GET VACCINATED OR ELSE. Or else what? That’s the question that hangs over the heads of workers as more and more employers require their workers to be fully vaccinated against COVID-19. There is no clear answer.
It is clear employers big and small can, and are, making covid vaccination mandatory. But, can they make it stick?
The City of Toronto, for example, announced a vaccine mandate for all their employees on August 19. However, the announcement did not stipulate what action the city might consider, or take, against workers they could not convince to get fully vaccinated.
Termination not a consideration
It is also clear that if requiring vaccination is the law there is no question: workers will have to abide by the law or face the penalties set out in the law, which could possibly include getting fired.
Quebec and Ontario have such laws for specific occupations. The federal government is considering one. However, nobody is talking about firing workers if they don’t comply.
All employers, of course, have the right to fire any worker, at any time, for anything. The catch is that firing a worker “with cause” opens the employer to the possibility of legal action from the fired worker claiming protections under the labour standards act or human rights laws.
A post on the Spring Law website, a Canadian firm practicing exclusively in the areas of employment, labour and human rights law warns: “threatening employees who refuse to be vaccinated with termination is hardly a risk-free fix.”
No legal precedent
Ottawa employment lawyer Paul Champ says the problem for employers is that there has yet to be case put forward to set a precedent.
“We do have some guidance from case law from about 20 years ago with SARS,” said Champ. “And in those cases, labour arbitrators held that an employer cannot mandate vaccines.”
The question now, he said, is if COVID-19 would be seen as a bigger threat than SARS. Courts would also likely have to look at the particular circumstances of any given workplace, he added.
Champ said he expects cases will come forward, and employers could make arguments that vaccines are necessary for both reasons of occupational health and safety and productivity — for instance, if an employee had to travel somewhere where being vaccinated was a condition for entry.
On the other hand, workers could make arguments against mandatory vaccination based on privacy and other rights — especially if there is no medical reason for refusing a vaccine.
“I think any employer could set that policy,” Champ said. “But they should do so knowing that there’s a reasonable chance they’ll be legally challenged.”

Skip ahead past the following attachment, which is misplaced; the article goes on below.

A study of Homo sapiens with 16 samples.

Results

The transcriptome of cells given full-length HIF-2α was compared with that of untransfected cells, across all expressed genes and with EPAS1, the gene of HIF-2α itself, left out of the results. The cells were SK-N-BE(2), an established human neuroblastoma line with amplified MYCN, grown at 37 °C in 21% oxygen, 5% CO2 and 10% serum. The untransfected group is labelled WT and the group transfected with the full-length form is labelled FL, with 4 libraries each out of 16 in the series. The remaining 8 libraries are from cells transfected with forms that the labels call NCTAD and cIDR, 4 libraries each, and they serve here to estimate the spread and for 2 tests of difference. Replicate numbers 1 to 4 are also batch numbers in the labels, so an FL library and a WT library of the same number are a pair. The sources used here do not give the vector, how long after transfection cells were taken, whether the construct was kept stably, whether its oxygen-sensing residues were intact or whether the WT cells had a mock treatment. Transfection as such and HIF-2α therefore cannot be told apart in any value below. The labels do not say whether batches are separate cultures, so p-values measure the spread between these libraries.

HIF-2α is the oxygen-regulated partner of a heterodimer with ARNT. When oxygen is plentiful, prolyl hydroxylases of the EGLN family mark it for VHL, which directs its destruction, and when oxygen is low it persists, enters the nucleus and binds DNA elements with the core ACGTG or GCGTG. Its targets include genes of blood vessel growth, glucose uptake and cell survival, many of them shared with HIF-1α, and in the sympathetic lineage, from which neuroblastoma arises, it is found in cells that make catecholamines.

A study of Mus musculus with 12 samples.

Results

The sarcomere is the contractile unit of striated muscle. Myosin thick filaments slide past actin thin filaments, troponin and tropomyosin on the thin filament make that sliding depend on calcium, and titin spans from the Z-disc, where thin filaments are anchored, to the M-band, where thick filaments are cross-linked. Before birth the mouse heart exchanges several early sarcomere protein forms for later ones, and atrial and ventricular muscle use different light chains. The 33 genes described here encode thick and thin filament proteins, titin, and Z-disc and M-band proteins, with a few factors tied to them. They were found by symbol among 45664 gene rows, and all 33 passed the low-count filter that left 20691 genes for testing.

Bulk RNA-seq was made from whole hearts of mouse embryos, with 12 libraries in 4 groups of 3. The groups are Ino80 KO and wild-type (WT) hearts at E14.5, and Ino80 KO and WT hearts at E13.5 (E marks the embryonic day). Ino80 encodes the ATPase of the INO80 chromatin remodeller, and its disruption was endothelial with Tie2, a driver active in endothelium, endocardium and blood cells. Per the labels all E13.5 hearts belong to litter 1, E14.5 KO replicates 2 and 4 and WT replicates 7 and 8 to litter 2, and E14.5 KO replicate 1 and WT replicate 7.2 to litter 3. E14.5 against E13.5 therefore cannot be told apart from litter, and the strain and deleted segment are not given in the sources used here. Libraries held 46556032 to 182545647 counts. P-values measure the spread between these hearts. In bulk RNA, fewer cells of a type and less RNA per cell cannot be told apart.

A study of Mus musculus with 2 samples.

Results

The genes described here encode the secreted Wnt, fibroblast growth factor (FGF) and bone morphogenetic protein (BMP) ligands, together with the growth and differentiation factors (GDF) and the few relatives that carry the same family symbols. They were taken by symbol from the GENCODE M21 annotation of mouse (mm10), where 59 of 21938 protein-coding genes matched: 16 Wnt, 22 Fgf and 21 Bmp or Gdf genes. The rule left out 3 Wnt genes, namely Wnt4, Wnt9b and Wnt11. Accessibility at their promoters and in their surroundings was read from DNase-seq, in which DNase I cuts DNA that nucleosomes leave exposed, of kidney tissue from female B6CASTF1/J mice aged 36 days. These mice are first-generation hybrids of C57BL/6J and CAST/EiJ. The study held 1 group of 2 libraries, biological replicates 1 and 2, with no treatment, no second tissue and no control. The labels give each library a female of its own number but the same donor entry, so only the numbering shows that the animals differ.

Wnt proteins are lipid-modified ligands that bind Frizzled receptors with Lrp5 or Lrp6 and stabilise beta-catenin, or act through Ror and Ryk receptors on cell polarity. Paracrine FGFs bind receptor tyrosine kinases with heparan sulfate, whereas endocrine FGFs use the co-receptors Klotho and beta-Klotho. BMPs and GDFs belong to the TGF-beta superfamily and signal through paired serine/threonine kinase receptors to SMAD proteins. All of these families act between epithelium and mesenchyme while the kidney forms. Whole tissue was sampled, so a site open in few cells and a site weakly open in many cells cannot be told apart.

Employers must tread lightly
Shane Todd, an employment law partner at Fasken Martineau DuMoulin LLP, said employers have been mulling this issue over since at least January, many approaching it with “trepidation.”
There are many considerations that go into a good workplace vaccine policy, Todd said, including how to accommodate workers who choose not to get vaccinated based on grounds protected by human rights legislation. Accommodations could include daily or weekly rapid testing or limited permission to continue working from home.
Other factors employers need to consider are whether to require proof of vaccination or ask employees to attest to their status, how to handle workers’ privacy rights when dealing with sensitive medical information, and how to respond to workers who simply refuse to get vaccinated.
Unions are also playing a role in advocating for employers to accommodate unvaccinated workers while trying to ensure safe workplaces for other employees.
Public support for employers
A July 20 poll from the Angus Reid Institute shows that 61 per cent of Canadians support mandatory proof of vaccination in the workplace, as reopening brings more and more workers back into the workplace.
Daniel Safayeni, vice-president of policy for the Ontario Chamber of Commerce, wants the feds to step up with a nation-wide policy providing hard answers on whether or not businesses can ask their employees to provide proof of vaccination and what they should do when workers decline.
Without that guidance, says Dan Kelly, president of the Canadian Federation of Independent Business, most small businesses are reluctant to enforce their own vaccination policies. He notes that Manitoba is rolling out proof of immunity cards complete with QR codes and Quebec has announced plans to introduce its own vaccine passports this fall.
Heather MacDougall, is an expert on how Canada’s vaccine policy has evolved. She says the question of mandatory vaccination with the COVID vaccine is premature because we really need to make sure that we have all the vaccine we need to get to the countries that are still really suffering and “to reach the people that have had no shots or just one shot in this country.
“And frankly, until that’s done it, it seems to me that thinking about making something mandatory and opening that political can of worms is, as I said, premature.”
Historically, the issue of mandatory vaccination in Canada has triggered not only debate but violent protest and rancorous political division.